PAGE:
The growing number of services over EVPNs has triggered a proliferation of new users. As a result, BGP-EVPN peers on an EVPN are sending vast quantities of EVPN routes to each other. Even if the remote peer does not have an RT-matching EVPN instance, the local PE still sends it EVPN routes. To reduce network load, each PE needs to receive only desired routes. If a separate export route policy is configured for each user, the cost of O&M goes up. To address this issue, EVPN outbound route filtering (ORF) can be deployed.
After EVPN ORF is configured, each PE on the EVPN sends the import VPN target (IRT) and original AS number of the local EVPN instance to the other PEs or BGP EVPN RRs that function as BGP-EVPN peers. The information is sent through ORF routes. Upon receipt, the peers construct export route policies based on these routes so that the local PE only receives the expected routes, which reduces the receiving pressure on the local PE.
Figure 1 shows the basic EVPN ORF network on which each device supports EVPN ORF. PE1, PE2, and PE3 establish BGP-EVPN peer relationships with the RR, and are also clients of the RR. An EVPN instance with a specific RT is configured on each PE.
Before EVPN ORF is enabled, the RR advertises all the routes received from PE1's EVPN instances to PE2 and PE3. However, PE2 only needs routes with an export VPN target (ERT) of 1:1, whereas PE3 only needs routes with an ERT of 2:2. As a result, PE2 and PE3 discard unwanted routes upon receipt, which wastes device resources.
After EVPN ORF is enabled on all devices and BGP-EVPN peer relationships are established between the PEs and RR in the BGP-VT address family view, the BGP-EVPN peers negotiate the EVPN ORF capability. Each device sends the IRT of its local EVPN instance to the BGP-EVPN peers in the form of ORF routes. Each device then constructs an export route policy based on the received ORF routes. Upon construction, PE1 only sends EVPN1's and EVPN4's routes to the RR. The RR then only sends routes with an ERT of 1:1 to PE2 and those with an ERT of 2:2 to PE3.
The BGP-VT address family obtains the IRT configured on the local device regardless of the type of the instance that the IRT comes from. If EVPN ORF is enabled on a network that consists of devices that do not support EVPN ORF, the EVPN service cannot run properly. However, the BGP-VT address family can resolve this problem.
On the network shown in Figure 1, PE1, PE2, and PE3 establish BGP-EVPN peer relationships with the RR. PE1, PE2, and PE3 are clients of the RR. Suppose that PE1, PE2, and the RR all support EVPN ORF but that PE3 does not, as it is running an early version. If EVPN ORF is enabled on the network and the BGP-VT peer relationships are established, PE3 does not send ORF routes to the RR, which means that PE1 does not receive the ORF routes with an ERT of 2:2 from the RR. As a result, PE1 does not send EVPN4's routes to the RR, thereby compromising the services between EVPN4 and EVPN2. Because the BGP-VT address family does not differentiate the type of instance the IRT belongs to, you can configure an L3VPN instance on PE3 and set both IRT and ERT to 2:2. This configuration allows PE3 to advertise an ORF route with an IRT of 2:2 to the RR, which then advertises this route to PE1. Upon receipt, PE1 modifies its export route policy so that it can advertise EVPN2's routes to the other PEs.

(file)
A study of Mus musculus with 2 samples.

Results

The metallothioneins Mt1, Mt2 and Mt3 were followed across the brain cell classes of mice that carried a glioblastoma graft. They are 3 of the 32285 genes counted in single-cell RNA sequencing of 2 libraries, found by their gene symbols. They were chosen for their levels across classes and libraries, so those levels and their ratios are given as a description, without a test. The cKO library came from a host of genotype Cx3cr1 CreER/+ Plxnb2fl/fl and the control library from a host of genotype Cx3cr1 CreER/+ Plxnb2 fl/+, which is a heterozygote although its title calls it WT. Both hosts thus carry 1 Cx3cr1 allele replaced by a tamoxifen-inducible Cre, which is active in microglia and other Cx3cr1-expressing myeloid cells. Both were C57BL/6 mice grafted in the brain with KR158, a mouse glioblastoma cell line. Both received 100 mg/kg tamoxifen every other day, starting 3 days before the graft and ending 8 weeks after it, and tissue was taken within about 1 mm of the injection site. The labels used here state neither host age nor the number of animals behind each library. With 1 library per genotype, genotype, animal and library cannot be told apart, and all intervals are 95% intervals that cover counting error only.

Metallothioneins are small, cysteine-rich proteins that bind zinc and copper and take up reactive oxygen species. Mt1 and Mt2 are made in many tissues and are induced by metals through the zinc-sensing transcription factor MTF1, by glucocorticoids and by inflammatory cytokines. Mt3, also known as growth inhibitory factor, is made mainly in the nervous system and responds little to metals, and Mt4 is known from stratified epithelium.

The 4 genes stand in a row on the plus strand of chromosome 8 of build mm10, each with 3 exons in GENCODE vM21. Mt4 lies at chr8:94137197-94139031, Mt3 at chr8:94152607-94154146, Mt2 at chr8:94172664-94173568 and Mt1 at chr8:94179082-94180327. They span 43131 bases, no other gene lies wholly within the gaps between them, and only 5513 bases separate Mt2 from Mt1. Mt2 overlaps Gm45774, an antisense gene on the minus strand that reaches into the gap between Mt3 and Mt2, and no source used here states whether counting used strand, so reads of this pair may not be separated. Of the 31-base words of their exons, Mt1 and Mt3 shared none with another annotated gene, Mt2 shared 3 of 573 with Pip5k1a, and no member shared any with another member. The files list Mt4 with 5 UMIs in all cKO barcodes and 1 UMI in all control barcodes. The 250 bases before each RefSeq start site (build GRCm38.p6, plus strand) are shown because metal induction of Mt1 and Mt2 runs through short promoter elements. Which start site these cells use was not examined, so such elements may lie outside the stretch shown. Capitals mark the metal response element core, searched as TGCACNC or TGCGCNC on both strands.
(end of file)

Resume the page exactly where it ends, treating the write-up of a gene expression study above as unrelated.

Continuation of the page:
In addition to configuring an L3VPN instance, you can also configure the RR to advertise default ORF routes to PE1 and PE3 and delete the BGP-VT peer relationship between the RR and PE3. After the configuration is complete, PE1, PE2, and PE3 advertise all routes to the RR. The RR then advertises routes with ERTs of 1:1 and 2:2 to PE1, routes with an ERT of 1:1 to PE2, and all routes to PE3.
If both EVPN and L3VPN services are deployed on the preceding network, the preceding two ways cannot be used. If you use either of them, the L3VPN service cannot run properly. On the network shown in Figure 2, only PE3 does not support EVPN ORF. After EVPN ORF is enabled on the network, the EVPN service cannot run properly. If an L3VPN instance is created, the new L3VPN instance receives the other PEs' L3VPN routes from the RR, which compromises the L3VPN service. To resolve this issue, you can disable the RR from filtering routes based on the IRT for PE3, thereby ensuring that both EVPN and L3VPN services can run properly.
Bandwidth consumption is lowered (because the number of routes being advertised is smaller).
System resources such as CPU and memory are saved.